Although Korean Air has withdrawn the Airbus A380 from commercial passenger service and has parked most of its fleet, one of the superjumbos was spotted flying from Seoul to Atlanta and back in recent days. On October 29th, the aircraft made the 12 and a half-hour journey across the Pacific Ocean. The following day, October 30th, the aircraft returned to its home at Seoul Incheon international airport.
The A380, registration HL7614, departed Seoul for Atlanta on October 30th at 01:03. Technically, it was actually supposed to depart the day before, at 23:30, but the one and a half-hour delay pushed the take-off into the next calendar day.
Crossing the international date line and flying 12.5 hours, flight KE8033 touched down at Atlanta Hartsfield-Jackson International Airport at 00:33. With about three hours on the ground, the aircraft then took off as KE8034 and returned to Seoul Incheon almost 16 hours later. It finally touched down at 08:16 on October 31st.
All times listed above are local.
Before this flight out to Atlanta, the A380 had been flying an Incheon-Guangzhou service on October 28th as KE865/KE866.
In fact, of the 10 A380s in Korean Air’s fleet, 9.6-year-old HL7614 is the only active superjumbo flying with the airline.
What was the aircraft doing in Atlanta?
Through some research, it looks like Korean Air is operating regular commercial passenger service to Atlanta as KE35 and KE36. However, this service uses the airline’s more efficient twinjet, the Boeing 787-9.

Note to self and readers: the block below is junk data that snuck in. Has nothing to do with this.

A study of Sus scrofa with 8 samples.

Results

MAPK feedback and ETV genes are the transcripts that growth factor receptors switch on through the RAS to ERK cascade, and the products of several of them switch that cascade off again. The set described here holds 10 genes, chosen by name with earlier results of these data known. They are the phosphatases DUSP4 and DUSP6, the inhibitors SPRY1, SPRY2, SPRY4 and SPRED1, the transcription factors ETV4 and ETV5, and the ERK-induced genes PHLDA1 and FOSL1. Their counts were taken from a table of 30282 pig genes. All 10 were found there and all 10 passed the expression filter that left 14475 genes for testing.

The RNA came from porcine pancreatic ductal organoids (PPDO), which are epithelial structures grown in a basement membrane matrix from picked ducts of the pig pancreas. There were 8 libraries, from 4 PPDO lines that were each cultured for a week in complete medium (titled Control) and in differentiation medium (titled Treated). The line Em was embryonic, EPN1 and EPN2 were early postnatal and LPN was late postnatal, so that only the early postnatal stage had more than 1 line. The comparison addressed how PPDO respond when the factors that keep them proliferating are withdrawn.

There’s not much information that can be found about flight KE8033 or KE8034. However, we did spot the fact that Korean Air’s cargo website lists the A380 on its weekly schedule – particularly on the days we spotted the flight. This confirms that at least one of the reasons for the flight was for cargo.
This flight, however, appears to very much be a one-off occurrence to Atlanta, as our search for additional Korean Air Cargo flights with A380 didn’t turn up anything else – at least for the month of November.
Without any word from the airline, it isn’t easy to know just exactly why the A380 was selected to fly to Atlanta – especially when Korean Air Cargo has other options. Simple Flying contacted Korean Air requesting more information about the flight. At the time of publication, no response was received from the carrier.
Regular service to Guangzhou
As stated above, the airline is using the A380 once again for service to Guangzhou, China. We reported recently that the flight is scheduled to operate every Wednesday as KE865 and KE866. Interestingly, however, the outbound flight to Guangzhou doesn’t show up too easily on search engines – not even on the airline’s own website. As such, we were only able to find Guangzhou-Incheon on certain days in November.
Have you flown on Korean Air’s A380 before? Please share your experience with us in the comments.